Finding great managers is like finding a needle in a haystack. They are so rare that when you finally find one, you better hold on to it because you can lose them in the blink of an eye. Good luck finding another great manager and leader in one.
It was quite difficult to keep a straight face writing that introduction since that is not what we believe at intuo at all. And we're not the only ones. Not so long ago, Google shook up the business world with their Project Oxygen where they proved that everyone can become a great leader. How? With 10 key behaviours!
Managers' essential traits
It might surprise you Google isn't only about free meals, colourful slides and game rooms. For years now, the tech giant has been doing research on what makes a great manager and how you can recognise them in your company or hire them. They summed the traits they are looking for in a manager in 10 core behaviours. When hiring managers Google asks them questions around these 10 traits or when promoting someone to become a manager they look for signals that imply these behaviours. They are ranked chronologically in terms of importance.
According to Google, a great manager should:
- be a good coach
- empower the team and not micromanage
- create an inclusive team environment, show concern for success and well-being
- be productive and result oriented
- be a good communicator, listen and share information
- support career development and discuss performance
- have a clear vision and strategy for the team
- have key technical skills that help advise the team
- collaborate across the company
- be a strong decision maker
While this list might seem straightforward, in reality that's not the case. Many managers are too busy with performance and numbers rather than actually managing their people. Google knows that's true, we know it and you probably do too. So next time you want to promote someone or hire a manager, it would be a good idea to check this list.
How To Identify an Exceptional Manager
No one is born a great manager. You become a great manager by having the right mindset and being handed the right tools and trainings.
If you can improve your managers, they will have an impact on their teams which will have a great impact on the company
To identify great managers and to be able to know where they might need some coaching and training, Google sends out management surveys. In these surveys, based on the 10 behaviours mentioned above, they try to get to the bottom of how they could help managers become an even better version of themselves.
You can use this list made by Google as a guide to check where your manager skills could need an extra push:
- My manager gives me actionable feedback that helps me improve my performance.
- My manager does not micromanage.
- My manager shows consideration for me as a person.
- The actions of my manager show that she values the perspective I bring to the team, even if it's different from her own.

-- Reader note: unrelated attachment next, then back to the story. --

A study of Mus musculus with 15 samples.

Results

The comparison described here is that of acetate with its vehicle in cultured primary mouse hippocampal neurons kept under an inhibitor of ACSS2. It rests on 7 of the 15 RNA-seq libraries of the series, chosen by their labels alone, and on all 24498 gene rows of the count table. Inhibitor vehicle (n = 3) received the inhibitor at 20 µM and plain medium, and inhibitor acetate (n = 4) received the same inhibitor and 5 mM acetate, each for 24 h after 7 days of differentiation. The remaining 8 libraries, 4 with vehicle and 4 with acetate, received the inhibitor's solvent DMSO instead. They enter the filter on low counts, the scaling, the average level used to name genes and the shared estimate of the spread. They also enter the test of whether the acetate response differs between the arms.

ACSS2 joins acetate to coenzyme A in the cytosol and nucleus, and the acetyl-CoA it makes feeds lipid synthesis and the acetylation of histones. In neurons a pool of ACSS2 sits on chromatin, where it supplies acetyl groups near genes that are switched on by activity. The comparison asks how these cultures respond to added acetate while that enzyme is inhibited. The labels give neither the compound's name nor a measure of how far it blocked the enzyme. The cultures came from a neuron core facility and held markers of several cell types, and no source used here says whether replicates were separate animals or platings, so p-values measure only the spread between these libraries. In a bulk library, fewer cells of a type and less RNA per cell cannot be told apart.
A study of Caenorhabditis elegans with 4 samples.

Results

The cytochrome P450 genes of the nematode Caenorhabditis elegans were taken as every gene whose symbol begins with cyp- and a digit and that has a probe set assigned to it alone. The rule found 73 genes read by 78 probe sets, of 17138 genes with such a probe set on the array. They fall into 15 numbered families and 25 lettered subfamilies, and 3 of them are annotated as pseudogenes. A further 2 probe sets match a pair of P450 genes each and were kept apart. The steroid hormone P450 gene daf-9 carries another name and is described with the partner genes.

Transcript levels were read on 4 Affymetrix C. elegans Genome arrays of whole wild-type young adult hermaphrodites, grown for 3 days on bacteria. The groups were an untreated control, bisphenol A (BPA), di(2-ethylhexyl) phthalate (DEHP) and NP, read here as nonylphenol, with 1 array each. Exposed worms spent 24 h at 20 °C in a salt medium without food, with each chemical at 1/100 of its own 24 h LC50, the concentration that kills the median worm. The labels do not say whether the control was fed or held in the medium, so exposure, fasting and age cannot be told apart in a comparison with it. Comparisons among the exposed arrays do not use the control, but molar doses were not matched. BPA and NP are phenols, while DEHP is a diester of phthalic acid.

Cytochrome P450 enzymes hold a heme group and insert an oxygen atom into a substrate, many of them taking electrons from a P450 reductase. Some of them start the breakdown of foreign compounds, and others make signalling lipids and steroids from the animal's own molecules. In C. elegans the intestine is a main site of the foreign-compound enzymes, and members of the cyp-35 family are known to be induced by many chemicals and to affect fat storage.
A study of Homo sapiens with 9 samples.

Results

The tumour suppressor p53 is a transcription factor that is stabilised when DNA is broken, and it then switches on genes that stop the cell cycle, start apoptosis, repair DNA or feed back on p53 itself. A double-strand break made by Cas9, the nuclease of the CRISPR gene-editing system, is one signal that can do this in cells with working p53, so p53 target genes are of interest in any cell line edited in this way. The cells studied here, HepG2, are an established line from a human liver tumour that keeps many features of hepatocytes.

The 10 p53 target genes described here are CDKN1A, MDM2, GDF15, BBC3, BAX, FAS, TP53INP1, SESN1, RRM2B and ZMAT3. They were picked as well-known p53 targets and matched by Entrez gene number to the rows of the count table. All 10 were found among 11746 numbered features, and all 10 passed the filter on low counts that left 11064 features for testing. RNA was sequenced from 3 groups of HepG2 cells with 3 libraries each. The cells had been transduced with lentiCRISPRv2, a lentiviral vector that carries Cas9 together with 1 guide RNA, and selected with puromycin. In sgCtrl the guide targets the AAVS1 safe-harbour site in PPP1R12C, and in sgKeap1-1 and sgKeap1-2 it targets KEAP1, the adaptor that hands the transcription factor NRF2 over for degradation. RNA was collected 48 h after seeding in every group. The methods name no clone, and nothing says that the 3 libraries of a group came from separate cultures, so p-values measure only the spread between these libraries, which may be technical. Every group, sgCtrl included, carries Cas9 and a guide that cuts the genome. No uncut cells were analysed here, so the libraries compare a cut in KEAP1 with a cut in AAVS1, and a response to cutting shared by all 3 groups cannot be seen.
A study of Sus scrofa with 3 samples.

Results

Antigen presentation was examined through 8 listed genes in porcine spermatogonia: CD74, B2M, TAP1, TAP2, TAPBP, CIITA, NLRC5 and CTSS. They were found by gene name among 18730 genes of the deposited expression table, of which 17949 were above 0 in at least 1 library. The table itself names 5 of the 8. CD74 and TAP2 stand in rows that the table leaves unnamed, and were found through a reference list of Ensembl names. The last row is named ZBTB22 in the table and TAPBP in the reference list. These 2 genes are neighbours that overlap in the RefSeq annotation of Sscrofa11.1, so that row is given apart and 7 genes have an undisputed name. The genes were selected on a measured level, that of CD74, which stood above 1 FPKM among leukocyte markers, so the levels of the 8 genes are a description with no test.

- My manager keeps the team focused on our priority results and deliverables.
- My manager has had a meaningful discussion with me about career development in the past six months.
- My manager communicates clear goals for our team.
- My manager has the technical skills required to manage me.
- I would recommend my manager to others.
- I am satisfied with my manager's overall performance as a manager.
There are also two additional questions that clearly emphasise that team members have an active voice in their manager's growth path.
- What would you recommend your manager keeps doing?
- What would you have your manager change?
Learn your way to become the next Google
It's obvious, you can't just magically possess all the traits mentioned above. You can however take measures to become all these things such as a good coach and result oriented.
That's why managers need training. If you bump into a manager that's not open for coaching and training, he's probably not the one you want to keep working with.
Do not hire for perfect technical skills but for emergent leadership skills
Google creates a lot of self awareness for everyone in the company. They want their people to know why they do what they do, they need to have the same mindset as the company. Google hires for emergent leadership skills and not for perfect technical skills. That's why technical skills are ranked 8th in the list above, they matter but they don't get priority over people skills. As a manager, it's way more important to have a great sense of commitment towards your employees' success.
You don't have to be a tech giant with thousands of employees to implement the best practices mentioned above. Use the 10 behaviours and survey questions and combine them with regular one-on-ones, training, coaching and the right tools. Only this way you will become the best manager you can possibly be, and as a result lift yourself and your company to another level.
Side note: the words manager and leader are used interchangeably because we believe a great manager should be a great leader and the other way around.